By: ISU Communications and Marketing Staff, ISU Communications and Marketing Staff
February 4, 2011
Throughout the fall semester at Indiana State University, students could be found in small clusters with one patiently holding her arm above her head. With her hand toward the wind, she clutched a small red object.
Students worked to catch the wind in anemometers to measure its speed at 50 points across campus in the project that was more than just a lab activity for the 450 students taking Environmental Sciences 110.
"Those points were taken throughout the semester to calculate which areas on campus have the highest wind speed so we can put the windmill up," said Dorothy Rosene, senior environmental sciences major who plotted the wind testing grid.
The 18-foot, vertical, 3.4-kilowatt wind turbine, which the university plans to use, will generate between 5,000 and 11,000 kilowatts annually to help offset some of the university's energy usage.
"It would produce about 5 percent of the energy needs for Condit House on its own or 5 percent of the energy needs for the Family and Consumer Science Building or Art Annex," said Jim Speer, associate professor of earth and environmental systems.
The project, while aiding students' scientific knowledge, moves the university forward on its Climate Action Plan. The plan, created by 60 members of ISU's faculty and staff, guides the university toward carbon neutrality in the future. The plan examines university life such as food systems, energy systems and buildings before proposing ideas toward becoming more sustainable in the future.
"One of those suggestions is to bring alternative energy to ISU," Speer said. "We are currently working on bringing wind power to campus and hope to be able to bring solar power to campus in the future."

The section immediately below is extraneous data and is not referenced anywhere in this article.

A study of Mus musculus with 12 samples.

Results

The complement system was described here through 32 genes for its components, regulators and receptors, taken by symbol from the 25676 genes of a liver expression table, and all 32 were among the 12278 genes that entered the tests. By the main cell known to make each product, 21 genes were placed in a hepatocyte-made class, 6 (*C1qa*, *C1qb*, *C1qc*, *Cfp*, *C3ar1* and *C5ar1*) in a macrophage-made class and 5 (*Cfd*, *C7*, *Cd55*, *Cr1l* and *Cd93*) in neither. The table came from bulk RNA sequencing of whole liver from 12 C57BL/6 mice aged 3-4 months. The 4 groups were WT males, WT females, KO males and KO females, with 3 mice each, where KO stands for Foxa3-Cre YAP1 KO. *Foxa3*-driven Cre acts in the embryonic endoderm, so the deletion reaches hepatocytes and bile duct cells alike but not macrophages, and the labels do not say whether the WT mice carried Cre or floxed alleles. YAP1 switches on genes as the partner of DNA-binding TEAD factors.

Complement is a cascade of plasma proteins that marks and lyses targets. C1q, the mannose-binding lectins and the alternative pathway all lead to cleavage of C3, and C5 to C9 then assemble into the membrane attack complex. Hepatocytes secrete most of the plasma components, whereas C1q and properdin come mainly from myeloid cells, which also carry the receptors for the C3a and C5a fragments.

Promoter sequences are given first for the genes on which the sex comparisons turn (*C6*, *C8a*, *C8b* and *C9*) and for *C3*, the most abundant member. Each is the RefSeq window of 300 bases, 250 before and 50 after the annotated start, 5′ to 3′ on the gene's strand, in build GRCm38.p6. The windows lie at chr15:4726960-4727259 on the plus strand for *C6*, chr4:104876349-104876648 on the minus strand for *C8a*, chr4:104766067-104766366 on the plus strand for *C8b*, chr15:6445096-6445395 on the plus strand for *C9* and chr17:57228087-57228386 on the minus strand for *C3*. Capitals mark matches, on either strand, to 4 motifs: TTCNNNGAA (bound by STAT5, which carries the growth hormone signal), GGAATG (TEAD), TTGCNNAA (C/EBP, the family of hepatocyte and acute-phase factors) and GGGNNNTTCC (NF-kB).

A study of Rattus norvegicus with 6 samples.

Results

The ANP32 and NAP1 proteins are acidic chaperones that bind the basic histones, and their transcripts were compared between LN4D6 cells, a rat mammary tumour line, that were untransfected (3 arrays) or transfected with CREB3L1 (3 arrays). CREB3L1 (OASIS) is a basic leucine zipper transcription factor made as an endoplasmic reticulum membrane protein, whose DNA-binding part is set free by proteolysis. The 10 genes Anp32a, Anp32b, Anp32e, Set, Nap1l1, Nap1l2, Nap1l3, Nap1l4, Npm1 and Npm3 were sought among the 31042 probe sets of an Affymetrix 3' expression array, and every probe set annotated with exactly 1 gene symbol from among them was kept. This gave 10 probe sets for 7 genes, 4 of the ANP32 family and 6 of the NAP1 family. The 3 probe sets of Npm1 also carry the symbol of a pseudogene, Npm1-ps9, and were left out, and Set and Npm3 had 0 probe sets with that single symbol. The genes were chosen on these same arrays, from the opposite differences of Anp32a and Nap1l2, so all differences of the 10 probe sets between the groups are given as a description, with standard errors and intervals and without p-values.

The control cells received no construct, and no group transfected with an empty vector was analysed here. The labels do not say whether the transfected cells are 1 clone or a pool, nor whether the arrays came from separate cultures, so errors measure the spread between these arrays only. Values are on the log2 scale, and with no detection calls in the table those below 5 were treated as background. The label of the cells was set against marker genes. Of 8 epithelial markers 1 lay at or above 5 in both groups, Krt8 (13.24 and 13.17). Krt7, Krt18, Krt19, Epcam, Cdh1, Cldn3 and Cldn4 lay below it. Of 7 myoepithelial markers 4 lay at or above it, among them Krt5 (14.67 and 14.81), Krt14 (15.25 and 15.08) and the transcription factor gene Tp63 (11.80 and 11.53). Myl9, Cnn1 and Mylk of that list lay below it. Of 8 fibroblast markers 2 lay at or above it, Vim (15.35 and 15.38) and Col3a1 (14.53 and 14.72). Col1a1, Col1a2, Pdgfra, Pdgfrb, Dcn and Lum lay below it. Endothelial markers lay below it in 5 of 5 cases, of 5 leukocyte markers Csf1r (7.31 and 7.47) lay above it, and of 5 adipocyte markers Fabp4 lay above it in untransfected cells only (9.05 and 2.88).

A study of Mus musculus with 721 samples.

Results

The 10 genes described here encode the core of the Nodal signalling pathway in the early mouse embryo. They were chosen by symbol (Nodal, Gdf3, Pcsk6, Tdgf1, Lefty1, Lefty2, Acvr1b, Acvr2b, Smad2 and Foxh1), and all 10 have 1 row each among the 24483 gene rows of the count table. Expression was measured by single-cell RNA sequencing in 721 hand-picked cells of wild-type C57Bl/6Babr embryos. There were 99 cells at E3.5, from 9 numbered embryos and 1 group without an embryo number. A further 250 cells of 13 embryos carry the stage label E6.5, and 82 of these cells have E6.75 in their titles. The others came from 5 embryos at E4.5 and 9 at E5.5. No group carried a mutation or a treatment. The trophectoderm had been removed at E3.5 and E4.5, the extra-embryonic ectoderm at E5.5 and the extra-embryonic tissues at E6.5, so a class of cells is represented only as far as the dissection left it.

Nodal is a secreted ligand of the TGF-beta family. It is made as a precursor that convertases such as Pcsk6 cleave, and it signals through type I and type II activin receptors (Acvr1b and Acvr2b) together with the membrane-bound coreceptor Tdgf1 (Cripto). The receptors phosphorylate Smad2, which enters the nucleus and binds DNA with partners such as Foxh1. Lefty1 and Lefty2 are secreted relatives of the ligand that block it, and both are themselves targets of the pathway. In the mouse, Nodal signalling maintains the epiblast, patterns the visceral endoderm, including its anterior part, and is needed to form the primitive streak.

Professors teaching Environmental Sciences 110 classes involved students during their lab and lecture times by giving them hands-on experience in scientific fact finding.
"I think it's important for students to get out and really experience what they're learning and not just being lectured to in a classroom," Rosene said. "It's so they really understand what an anemometer is, they get to hold it. They get to use maps and record their data into a database using Google docs."
Freshman Shelby Kanouse from Mooresville agreed.
"It really helps you learn because you're out there doing it," he said. "It's not like someone's just telling you how it works, you're out there figuring out how it works hands on."
Students sampled from the beginning of classes in August through November.
"Part of what we wanted to look at is if the wind's coming out of the northwest how the buildings channel the wind to have high wind speeds at specific locations around campus," Speer said.
With more than 770 measurements taken during the semester, students found the highest wind speeds north and south of the Sycamore Towers, which is where Speer said they would recommend placing the turbine. Speer said the plan is to have the turbine in place and part of the electrical grid by April 21, when ISU will celebrate Earth Day.
Speer said students will continue to learn from the wind turbine.
"They're teaching tools for us at ISU," he said. "So the College of Technology can participate and look at those windmills. The earth and environmental systems department can look at the windmills and work with those to see how they're productive for alternative energies, how they've off set our energy at ISU. So we're really looking at it right now more as a teaching tool and getting students involved with it and making it a permanent icon on campus."
By getting the students involved, Speer said the hope is that it has a long-term impact on students.
"By getting them (alternative energy options) in the classroom, getting them in front of students, getting the students participating in the science behind it, really helps pass that along to the next generation," he said. "If we really want to make any energy conservation changes on campus, we need to involve the 12,000 students on campus and make it not just a facilities change, but make it a community change at ISU."
Students use an anemometer to measure wind speed at fountain in Dede Plaza. ISU Photo/Kara Berchem
Sue Berta, associate professor of earth and environmental systems, instructs students on taking wind measurements at 50 locations around the ISU campus. ISU Photo/Kara Berchem
A student holds up an anemometer to measure wind speed. ISU Photo/Kara Berchem
Contact: Jim Speer, Indiana State University, associate professor of earth and environmental systems at 812-237-3011 or Jim.Speer@indstate.edu
Writer: Jennifer Sicking, Indiana State University, associate director of media relations, at 812-237-7972 or Jennifer.Sicking@indstate.edu
Students measured the wind across campus to find the best location for a wind turbine to generate electricity for the university.